Chicago store owners report children using counterfeit cash

Chicago store owners report children using counterfeit cash


Chicago police say they're looking for a counterfeiter, around 20 to 27 years old, who has been using phony hundred dollar bills at stores on Chicago's Near North Side.

In other Chicago neighborhoods, merchants say kids as young as four years old are showing up with phony bills. The question is whether it's happening by accident, or whether the real counterfeiters are using the kids as pawns to launder their phony bills.

Everybody knows that it's Abraham Lincoln's face on the five dollar bill, but at the Abraham Lincoln Elementary School in East Chicago Indiana, it was Benjamin Franklin's face that made some headlines last year. A first grader showed up with six fake Benjamin Franklins: counterfeit hundred dollar bills. The youngster who showed up told investigators his mother kept a bag of the counterfeits in a closet at home.

He's not the only child passing off bad bills. On Chicago's West Side and South Sides, children aged 4, 5, and 6 are showing up with the fake cash.

"That's basically the age," store owner Big Homie says. "Like they send a younger crowd, they don't send an older crowd like I used to be. So it's different now."

"It started from last December where you can see, a lot of bills, have been twenty dollars, five dollars one dollars," store owner Jeff Khan says. "Ages of 7 to 12."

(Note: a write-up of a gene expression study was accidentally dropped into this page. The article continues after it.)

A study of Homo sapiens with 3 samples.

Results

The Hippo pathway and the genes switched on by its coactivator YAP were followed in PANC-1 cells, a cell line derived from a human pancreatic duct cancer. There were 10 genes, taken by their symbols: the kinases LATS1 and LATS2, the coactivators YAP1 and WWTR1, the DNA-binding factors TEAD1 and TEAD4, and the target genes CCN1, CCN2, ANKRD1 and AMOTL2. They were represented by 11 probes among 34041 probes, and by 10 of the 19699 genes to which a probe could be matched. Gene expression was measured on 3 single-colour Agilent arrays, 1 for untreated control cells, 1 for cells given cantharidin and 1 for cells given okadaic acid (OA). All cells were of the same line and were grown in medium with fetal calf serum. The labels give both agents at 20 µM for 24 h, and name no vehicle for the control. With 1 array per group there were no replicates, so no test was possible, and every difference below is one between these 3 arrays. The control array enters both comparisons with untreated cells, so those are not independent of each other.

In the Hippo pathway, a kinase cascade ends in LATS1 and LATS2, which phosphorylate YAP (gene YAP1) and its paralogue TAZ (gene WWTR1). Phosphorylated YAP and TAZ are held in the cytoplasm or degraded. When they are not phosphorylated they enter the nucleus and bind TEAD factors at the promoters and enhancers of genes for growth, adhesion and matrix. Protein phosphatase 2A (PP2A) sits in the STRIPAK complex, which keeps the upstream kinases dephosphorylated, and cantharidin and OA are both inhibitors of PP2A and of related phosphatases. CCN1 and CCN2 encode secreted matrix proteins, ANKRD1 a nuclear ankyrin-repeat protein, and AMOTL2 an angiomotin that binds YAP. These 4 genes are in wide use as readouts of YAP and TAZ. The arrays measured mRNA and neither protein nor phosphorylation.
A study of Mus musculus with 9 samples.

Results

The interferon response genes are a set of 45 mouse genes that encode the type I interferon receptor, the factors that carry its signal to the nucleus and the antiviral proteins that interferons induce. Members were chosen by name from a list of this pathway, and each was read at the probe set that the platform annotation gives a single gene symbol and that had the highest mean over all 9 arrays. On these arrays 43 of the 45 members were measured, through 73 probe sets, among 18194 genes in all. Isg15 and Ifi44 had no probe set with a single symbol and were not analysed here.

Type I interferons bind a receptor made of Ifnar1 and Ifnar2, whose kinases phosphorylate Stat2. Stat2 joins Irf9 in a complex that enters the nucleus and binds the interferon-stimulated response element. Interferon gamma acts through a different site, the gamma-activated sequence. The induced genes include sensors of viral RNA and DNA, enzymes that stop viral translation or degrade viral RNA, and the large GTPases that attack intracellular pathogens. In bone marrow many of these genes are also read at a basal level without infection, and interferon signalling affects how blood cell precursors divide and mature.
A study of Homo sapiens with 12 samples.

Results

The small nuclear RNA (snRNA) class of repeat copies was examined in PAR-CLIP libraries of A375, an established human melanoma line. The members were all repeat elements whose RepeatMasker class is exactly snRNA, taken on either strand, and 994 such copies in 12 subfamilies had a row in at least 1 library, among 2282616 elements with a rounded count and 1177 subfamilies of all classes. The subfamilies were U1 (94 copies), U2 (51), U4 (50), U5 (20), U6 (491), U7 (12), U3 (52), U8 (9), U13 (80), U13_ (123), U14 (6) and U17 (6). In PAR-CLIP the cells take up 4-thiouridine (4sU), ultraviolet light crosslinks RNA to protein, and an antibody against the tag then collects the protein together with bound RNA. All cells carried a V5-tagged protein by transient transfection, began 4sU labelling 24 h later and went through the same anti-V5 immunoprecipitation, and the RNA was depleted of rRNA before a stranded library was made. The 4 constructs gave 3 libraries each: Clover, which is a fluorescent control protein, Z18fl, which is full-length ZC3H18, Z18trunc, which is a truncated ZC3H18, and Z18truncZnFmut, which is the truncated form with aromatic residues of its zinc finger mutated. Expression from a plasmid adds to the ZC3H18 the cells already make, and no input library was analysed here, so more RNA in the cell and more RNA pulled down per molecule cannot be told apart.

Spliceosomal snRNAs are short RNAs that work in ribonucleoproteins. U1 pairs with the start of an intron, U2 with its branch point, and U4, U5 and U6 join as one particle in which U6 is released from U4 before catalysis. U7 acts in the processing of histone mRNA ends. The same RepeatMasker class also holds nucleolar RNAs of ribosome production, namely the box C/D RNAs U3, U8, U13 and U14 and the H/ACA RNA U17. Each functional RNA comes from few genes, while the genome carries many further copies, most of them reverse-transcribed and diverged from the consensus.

They've noticed a new trend too. Most are using smaller bills now.

"Before we used to see big bills, like twenty dollars, and ten dollars," Khan says. "Recently we've come across…we see ten dollars and five dollars counterfeit."

A few years ago, they say they were seeing lots of phony hundreds. Many are produced by what's called bleaching, which uses common household cleansers to scrub the ink off of five dollar bills. Then, the paper was used to print hundred dollars bills.

The phonies could be detected by checking the watermarks. If a Ben Franklin hundred had an Abe Lincoln watermark, the bill was a bleached five dollar bill. Now, they're seeing smaller bills: ones, fives, tens, and twenties. Those are not printed on bleached bills, but with regular paper; likely on home computers. Sometimes they're easy to spot.

"The back has got two layers," Khan explains.

"If you raise it up, you cannot see this five over here inside," Ayman Salaymeh says. "If you can't see it, that's when it's fake."

But the smaller bills are bills are so common, many stores typically don't have the time to check them. They seem to be turning up in areas frequented by gangs. One owner speculated that older gang members might be doing the counterfeiting and using juveniles--the younger gang members--to launder the cash on the streets.

"A young boy comes in the store, you won't look at a younger boy, versus how you look at an older person," Big Homie says. "So, its able to get away with it more. You get what I mean?"

The Secret Service investigates counterfeiters. The agency's website says they have zero tolerance and will investigate each and every counterfeiting case.